Peggy's new neighbor is pregnant. Normally, Peggy, who is an extrovert, would be thrilled to have a new neighbor, but the pregnancy threw her off. Peggy has miscarried five times and most likely won't bear children. Instead of talking to her husband or a friend about her feelings, Peggy goes to the movies, buys a large popcorn and a diet soda, and she eats her way through the movie. She doesn't remember what movie she saw. She really went for the popcorn.
Peggy is a classic emotional eater.
The problem is that Peggy really wants to be healthy. She had weight loss surgery in hopes of getting rid of type II diabetes and sleep apnea, and she has made some progress. If only she could resist the snacking.
I'm hopeless, she tells herself. I'm not like the other people who are losing all their weight, and I never will be.
Then one day Peggy had a hair appointment and she had to wait for a few minutes while her stylist finished up with a red-haired teenager who apparently hated her "frizzies."
Peggy listened as another of the stylists cut the already short, gray hair of an overweight, middle-aged woman wearing a snug business suit.
"How are you?" the stylist asked her client.
"I'm okay," the woman said unconvincingly. "My neighbor had a stroke. I hope he doesn't stay paralyzed like my mother did. That would mean he can't take care of himself and he'd have to move."
The stylist murmured a nurturing response and the woman continued, "Don has been my neighbor for years, and I will be devastated if he moves."
Peggy noticed the tone of the woman's voice was almost whiney. As if the neighbor moving was even worse than the fact of the stroke.
Then the stylist asked, "Isn't you birthday coming up?"
"Oh, I don't celebrate my birthday," her client groaned. "My father's birthday is the day after mine and I never got to really have a birthday all my own. I hate my birthday."
Suddenly it hit Peggy. The woman she was listening to seemed to enjoy wallowing in her misery. And Peggy realized she was doing the same thing lately. She was wallowing.
True, Peggy's misery was real (as was the woman's for that matter). She was grieving over her inability to have children, but instead of letting herself feel her feelings, she stuffed them down with comfort food, and was relieved in a way that she had a reason to snack. It was a very well worn pattern for Peggy.
Seeing a reflection of herself so clearly, Peggy was able to realize what she was doing. She was sabotaging her surgery by wallowing in negativity and overeating, and she was doing it because she was an emotional eater.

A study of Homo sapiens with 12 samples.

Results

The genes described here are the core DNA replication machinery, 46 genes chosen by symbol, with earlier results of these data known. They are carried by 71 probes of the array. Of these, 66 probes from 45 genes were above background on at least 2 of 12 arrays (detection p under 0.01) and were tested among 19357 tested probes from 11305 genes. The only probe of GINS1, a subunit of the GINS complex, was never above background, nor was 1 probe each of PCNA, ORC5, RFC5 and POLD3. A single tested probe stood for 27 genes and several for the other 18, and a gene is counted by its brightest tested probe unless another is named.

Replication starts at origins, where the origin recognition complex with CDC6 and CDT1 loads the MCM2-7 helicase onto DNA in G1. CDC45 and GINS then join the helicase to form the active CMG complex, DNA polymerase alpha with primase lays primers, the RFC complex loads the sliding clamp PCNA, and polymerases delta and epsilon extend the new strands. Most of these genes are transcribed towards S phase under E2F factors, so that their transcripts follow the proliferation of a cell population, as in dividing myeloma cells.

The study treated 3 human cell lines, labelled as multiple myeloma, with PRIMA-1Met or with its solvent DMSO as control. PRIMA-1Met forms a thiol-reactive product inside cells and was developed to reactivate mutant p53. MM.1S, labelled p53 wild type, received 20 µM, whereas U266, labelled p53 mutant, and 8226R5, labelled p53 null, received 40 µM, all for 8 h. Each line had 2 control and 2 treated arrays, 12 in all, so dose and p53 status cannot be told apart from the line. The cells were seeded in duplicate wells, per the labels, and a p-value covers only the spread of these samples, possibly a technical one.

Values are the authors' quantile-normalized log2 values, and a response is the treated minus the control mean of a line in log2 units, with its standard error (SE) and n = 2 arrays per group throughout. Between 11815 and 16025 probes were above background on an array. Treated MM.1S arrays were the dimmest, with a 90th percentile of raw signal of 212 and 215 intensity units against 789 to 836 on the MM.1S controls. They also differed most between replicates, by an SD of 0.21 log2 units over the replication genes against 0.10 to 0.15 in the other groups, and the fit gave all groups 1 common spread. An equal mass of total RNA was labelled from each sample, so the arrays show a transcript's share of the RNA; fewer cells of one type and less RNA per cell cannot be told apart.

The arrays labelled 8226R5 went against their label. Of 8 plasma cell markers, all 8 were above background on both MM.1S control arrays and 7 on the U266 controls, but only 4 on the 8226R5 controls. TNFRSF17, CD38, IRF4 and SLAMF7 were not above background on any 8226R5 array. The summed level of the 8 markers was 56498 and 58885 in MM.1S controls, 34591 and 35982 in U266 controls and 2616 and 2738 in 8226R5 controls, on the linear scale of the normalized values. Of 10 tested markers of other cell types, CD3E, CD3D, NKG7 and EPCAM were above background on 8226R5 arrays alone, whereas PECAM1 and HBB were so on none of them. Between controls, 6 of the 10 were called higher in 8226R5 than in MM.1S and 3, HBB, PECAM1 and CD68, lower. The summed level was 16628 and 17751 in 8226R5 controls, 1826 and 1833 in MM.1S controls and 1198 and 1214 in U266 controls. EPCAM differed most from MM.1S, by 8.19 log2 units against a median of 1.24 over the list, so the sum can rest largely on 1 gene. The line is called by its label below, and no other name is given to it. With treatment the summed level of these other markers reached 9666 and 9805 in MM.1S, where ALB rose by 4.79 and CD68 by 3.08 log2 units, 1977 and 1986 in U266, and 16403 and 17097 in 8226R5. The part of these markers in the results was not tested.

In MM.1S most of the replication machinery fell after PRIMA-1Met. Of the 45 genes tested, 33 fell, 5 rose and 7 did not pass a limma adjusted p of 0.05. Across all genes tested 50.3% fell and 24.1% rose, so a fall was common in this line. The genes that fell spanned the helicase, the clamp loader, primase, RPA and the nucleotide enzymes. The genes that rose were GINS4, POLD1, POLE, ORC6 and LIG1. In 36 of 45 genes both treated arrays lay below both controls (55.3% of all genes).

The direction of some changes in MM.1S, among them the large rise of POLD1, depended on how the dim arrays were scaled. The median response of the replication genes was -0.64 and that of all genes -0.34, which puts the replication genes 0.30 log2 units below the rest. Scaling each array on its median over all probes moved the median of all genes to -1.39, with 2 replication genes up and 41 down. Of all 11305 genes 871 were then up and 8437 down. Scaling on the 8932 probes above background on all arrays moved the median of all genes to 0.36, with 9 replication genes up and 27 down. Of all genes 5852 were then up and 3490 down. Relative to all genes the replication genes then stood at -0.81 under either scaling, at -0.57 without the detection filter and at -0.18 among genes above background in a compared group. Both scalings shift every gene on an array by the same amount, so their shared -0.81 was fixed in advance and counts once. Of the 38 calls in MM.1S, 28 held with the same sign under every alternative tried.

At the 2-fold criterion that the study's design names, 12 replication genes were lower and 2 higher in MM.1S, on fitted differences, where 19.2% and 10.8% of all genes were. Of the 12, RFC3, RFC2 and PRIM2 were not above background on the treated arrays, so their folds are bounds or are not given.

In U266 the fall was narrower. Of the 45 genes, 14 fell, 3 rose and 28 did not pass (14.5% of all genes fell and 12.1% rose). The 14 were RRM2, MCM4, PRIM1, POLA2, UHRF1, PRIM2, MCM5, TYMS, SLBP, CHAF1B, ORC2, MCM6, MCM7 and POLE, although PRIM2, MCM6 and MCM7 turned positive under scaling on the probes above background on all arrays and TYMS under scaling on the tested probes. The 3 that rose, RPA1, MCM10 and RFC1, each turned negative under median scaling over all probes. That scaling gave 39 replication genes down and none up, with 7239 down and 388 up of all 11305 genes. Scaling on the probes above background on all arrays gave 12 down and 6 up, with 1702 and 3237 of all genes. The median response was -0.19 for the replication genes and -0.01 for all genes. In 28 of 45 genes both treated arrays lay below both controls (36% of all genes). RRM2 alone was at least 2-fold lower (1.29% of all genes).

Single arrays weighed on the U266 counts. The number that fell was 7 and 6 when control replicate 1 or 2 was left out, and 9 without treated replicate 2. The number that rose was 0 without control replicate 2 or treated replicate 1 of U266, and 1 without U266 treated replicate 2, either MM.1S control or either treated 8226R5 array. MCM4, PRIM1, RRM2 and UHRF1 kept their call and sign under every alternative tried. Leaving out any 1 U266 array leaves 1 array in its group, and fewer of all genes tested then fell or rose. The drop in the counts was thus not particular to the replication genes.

Later that day, Peggy spotted her new neighbor carrying groceries in. Peggy trotted over to help. (Being 80 pounds lighter following surgery, Peggy loved to trot.)
"Why don't I help you with those? You probably shouldn't be carrying anything that heavy," Peggy held her hands out to take a bag from her neighbor.
The neighbor gratefully accepted and invited Peggy in for tea.
For the next hour and a half, Peggy mostly listened as her neighbor shared her hopes and fears for her soon-to-arrive baby. Peggy could tell the woman was going to be a fine mother.
When she went home, Peggy decided she was not going to snack just because she felt sadness creeping up on her yet again. Instead she went into her bedroom, sat on her bed and hugged a pillow. Then she let the sadness come.
Peggy cried for a half hour. Big sobs. She even noticed she was moaning at one point. After awhile, though, her sobs subsided and she felt a surprising calm. And to her amazement, she had no desire to eat.
What a powerful lesson Peggy learned that day. It became her new goal to allow herself to feel her feelings as often as she could.
With some practice, Peggy learned more self-loving ways to experience her emotions. She cut way down on her emotional eating as a result. Now, she maintains a 100-pound weight loss, and can't imagine ever going back.
If you're an emotional eater, like Peggy, meditate on what your life would be like if you were to allow yourself to feel your feelings instead of stuffing them down. Journaling is a great way to explore feelings instead of eating. Talking to someone who is accepting and loving can help, too. Find what works for you and do it. You will reap many rewards for your efforts.